5 Ways to Avoid the Freshman 15

September 4, 2015 - 6 minutes read

How to avoid the freshman 15

Going off to college or university is a huge step in any young adult’s life. You get to meet new people, explore new outlets of learning and lock yourself in your room for countless hours of the day with nothing more than your books and an oversized bag of Doritos to add to your daily caloric intake. Oh and, of course, there’s the partying.

Let’s face it, as much as we would all love to say that we’re immune to the “Freshman 15”, any post-secondary schooling is going to be stressful and, if you plan on attending for more than just your first semester, you’re going to be kept very VERY busy.

With trying to keep on top of both your academics and your social life, it can all get a little overwhelming at times, but if you take heed to some of the friendly advice below, you can be sure your college years are going to be the best ones of your life; academically, socially, and physically.

Stretch every morning

It doesn’t take long, we promise, and you can even keep your PJs on to do it. Set your alarm 5 minutes earlier than you normally would and take that time to go through a basic stretching routine. Door stretch for your chest; child’s pose for your back; hamstring stretch on the floor; standing quad stretch…devote 30 seconds to each of these and you`re all set to face the day.

Join a REC team

Hopefully your school offers a REC club or some other form of recreational team organization. There is no better way to combine the social with the physical than by getting a group of great people together and joining a non-competitive activity. These usually run once or twice a week and don’t take up much of your time; plus, it forces you to schedule in exercise without it feeling like a daunting task. Take up dodgeball or flag football, volleyball or basketball…and don’t be intimidated that you may not be the best at the sport because chances are, the other people in the club aren’t much better.

Take activity breaks while studying

There are so many studies out there now that suggest that our brains are really only able to focus on something efficiently for about 90 minutes at a time. Instead of wasting away at the library for a solid 4 hour shift without so much as getting up to use the washroom, set an alarm (put it on vibrate if you’re in the library) that goes off every hour to remind you to get up and go for a walk. Your body and your brain will thank you for it.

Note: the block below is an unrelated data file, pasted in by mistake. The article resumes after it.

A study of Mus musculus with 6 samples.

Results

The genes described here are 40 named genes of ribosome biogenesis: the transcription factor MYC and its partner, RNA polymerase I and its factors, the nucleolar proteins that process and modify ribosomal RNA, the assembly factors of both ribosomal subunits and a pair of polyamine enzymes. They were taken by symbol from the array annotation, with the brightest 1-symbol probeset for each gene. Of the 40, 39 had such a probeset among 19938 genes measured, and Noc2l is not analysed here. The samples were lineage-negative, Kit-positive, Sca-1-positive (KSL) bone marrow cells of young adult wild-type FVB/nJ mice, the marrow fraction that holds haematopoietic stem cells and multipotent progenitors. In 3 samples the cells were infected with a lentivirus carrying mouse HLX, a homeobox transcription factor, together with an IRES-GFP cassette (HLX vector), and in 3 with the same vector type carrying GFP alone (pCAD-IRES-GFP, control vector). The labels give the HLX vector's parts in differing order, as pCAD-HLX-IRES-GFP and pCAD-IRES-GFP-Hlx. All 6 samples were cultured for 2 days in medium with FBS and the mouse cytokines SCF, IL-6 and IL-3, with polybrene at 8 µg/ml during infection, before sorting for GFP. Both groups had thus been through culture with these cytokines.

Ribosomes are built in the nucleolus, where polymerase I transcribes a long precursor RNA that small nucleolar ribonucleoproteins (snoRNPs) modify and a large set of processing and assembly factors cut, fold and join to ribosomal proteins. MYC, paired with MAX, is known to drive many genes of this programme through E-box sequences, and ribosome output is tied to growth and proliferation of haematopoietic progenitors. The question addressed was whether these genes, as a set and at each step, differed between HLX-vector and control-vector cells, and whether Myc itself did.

Get an active part-time job

If you need a little extra cash flow and have time to get yourself a part-time job, try to make it one that forces you to be active during your shift. Become a campus tour leader, pick up some serving shifts or apply for a job at a retail shop to ensure that you’ll be spending your working hours walking around.

Make good choices

Okay, we’re not here to lecture you on those types of choices as I’m sure your parents have already gone a little overkill with that. Do try and make good food choices though. Prepare yourself for the inevitability of snacking while studying by keeping healthy food on hand with you and don’t wait until you’re starving to go and get something to eat. Keep yourself fed and hydrated throughout the day – this is a must!

Parents – get active too

It’s always hard to watch your children moving out into the world, but with your kids finally leaving the nest, maybe it’s time you started doing a little something for yourself again too. Take this opportunity to think about what you’ve always wanted to do but never “had the time” and embrace it. Take up a yoga class or dust off that old road bike you have stored away. Start running in the mornings or join a gym; the opportunities are all out there. The extra activities will help keep you energized and exercise is a great way to reduce any stress you might be feeling about the recent separation. On top of all that, sweating out that excess energy will help you really learn how to relax when you need to most; and at the end of the day, having you choose to relax rather than stress and worry is probably the best option for both you and your college-bound kids.